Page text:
Heydey of the nursery rhyme past, but it could return
Generations grew up with the “sticks and stones” rhyme. You know, the one that ends, “but words can never hurt me.”
Increasingly, it’s fallen out of fashion.
Learned people, scholars at prestigious universities are increasingly arguing that speech can and should be considered harmful and destructive, and that there are certain viewpoints it should be illegal to express.
Of course, this was not the thinking when the First Amendment was drafted. The thinking about freedom of expression back then was that idea-sharing was essential to societal advancement. Good ideas would take root. Wackadoo ideas would wither.
Sometimes things have worked that way; sometimes they haven’t.
Here’s what’s cool: It may make our heads to think about it, but almost all nursery rhymes date to times and places where there was no such thing as freedom of speech.
Seriously, rhymes were “code,” often used mocking royalty or to describe the lot of the everyday man.
“Mistress Mary, quite contrary” dates to the rule of Bloody Mary, not the cocktail but the queen of England starting in 1518. Her social policy included burning Protestants at the stake as heretics. The “silver bells” and “cockle shells” were street names for torture devices, kind of like we call the electric chair “Old Sparky” today.
“Ring around the rosy” mocked those who suffered from the skin sores that were the first symptom of the almost always fatal plague. “We all fall down.”
“Goosey, goosey gander” is said to reference to a practice of wealthy families hiding priests who, if found, would be executed along with the family hiding them. That was when Protestants were in charge and Catholics were on the run.
Back in the day, common people had absolutely no free speech rights, but could get their feelings known through cute, memorable rhymes — so that’s what they did.
A few years ago, the magazine Psychology Today offered a modification: “Sticks and stones may break my bones … and words will cut me deeply.” That, however, was in the context of one-on-one verbal abuse. It was about bullying, which can and does cause personal damage.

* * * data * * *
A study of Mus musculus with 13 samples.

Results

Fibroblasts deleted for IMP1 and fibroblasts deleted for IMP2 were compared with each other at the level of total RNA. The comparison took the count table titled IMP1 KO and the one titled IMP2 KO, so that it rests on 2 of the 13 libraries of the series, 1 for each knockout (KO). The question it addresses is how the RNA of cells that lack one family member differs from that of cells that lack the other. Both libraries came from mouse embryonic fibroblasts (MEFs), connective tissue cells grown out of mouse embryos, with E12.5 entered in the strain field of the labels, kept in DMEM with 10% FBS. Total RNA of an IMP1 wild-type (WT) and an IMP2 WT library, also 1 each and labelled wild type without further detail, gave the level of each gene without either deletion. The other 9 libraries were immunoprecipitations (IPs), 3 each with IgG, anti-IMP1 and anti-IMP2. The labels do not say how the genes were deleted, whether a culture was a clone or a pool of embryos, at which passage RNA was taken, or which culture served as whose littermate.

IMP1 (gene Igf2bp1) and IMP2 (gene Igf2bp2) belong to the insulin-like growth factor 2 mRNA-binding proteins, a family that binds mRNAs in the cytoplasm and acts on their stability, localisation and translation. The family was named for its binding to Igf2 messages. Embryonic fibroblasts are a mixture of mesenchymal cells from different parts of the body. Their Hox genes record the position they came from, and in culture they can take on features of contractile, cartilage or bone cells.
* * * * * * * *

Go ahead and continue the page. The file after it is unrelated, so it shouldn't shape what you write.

The larger context is protesting against expression of viewpoints based on serious and well-founded disagreement with those viewpoints.
These protests take the form of arguments to limit what has been free speech, based largely on an expansion of “cutting deeply.” In other words, if verbal abuse of an individual can be harmful to an individual, does it not follow that telling groups what they don’t want to hear would also be harmful? Is there such thing as group bullying?
A cryptic response to the topic is, “If you don’t like what you think a person is going to say, don’t listen.” But that doesn’t address the scholars’ point that the harm of some ideas is to society as a whole; that’s it’s not about individual ears, individual sensibilities.
Another response, quite accurate, is that the left raised high the banner of free speech back in the 1960s and 1970s when fervor against Vietnam and for civil rights was being squelched, so it’s more than a little hypocritical for the left to demand limits on conservative expression today.
It’s not as easy a topic as it first appears. Most journalists, quite naturally, are steadfastly against any controls on public expression. Our belief is that folks ought to put on their big-people britches; that the First Amendment is at the very core of American exceptionalism. Rowdy, issue-centered debate is healthy debate.
But around the world today the vast majority of people live where government decides what is good for people to hear or know and what is harmful and destructive to national interests. Some of these are totalitarian regimes, as England once was, but many others are modern, developed, progressive nations, too.
What it comes down to is this: The lesson of at least 600 years of history is that the people will speak whether or not they have official permission. The bold will risk all — Nelson Mandela, Ghandi and Patrick Henry come immediately to mind — but the masses will have a voice, too. They may speak in code, as they did in the 1500s and 1600s, but they will be heard and cannot be stifled.
If the argument takes root that some ideas and expressions are so harmful that government should make them illegal, we might go back to nursery rhymes.
“Lefties, lefties all around
do not wish to hear a sound.
Quietly, quietly righties speak
To show that they are truly meek.”
Charlie Mitchell is a Mississippi journalist. Write to him at firstname.lastname@example.org.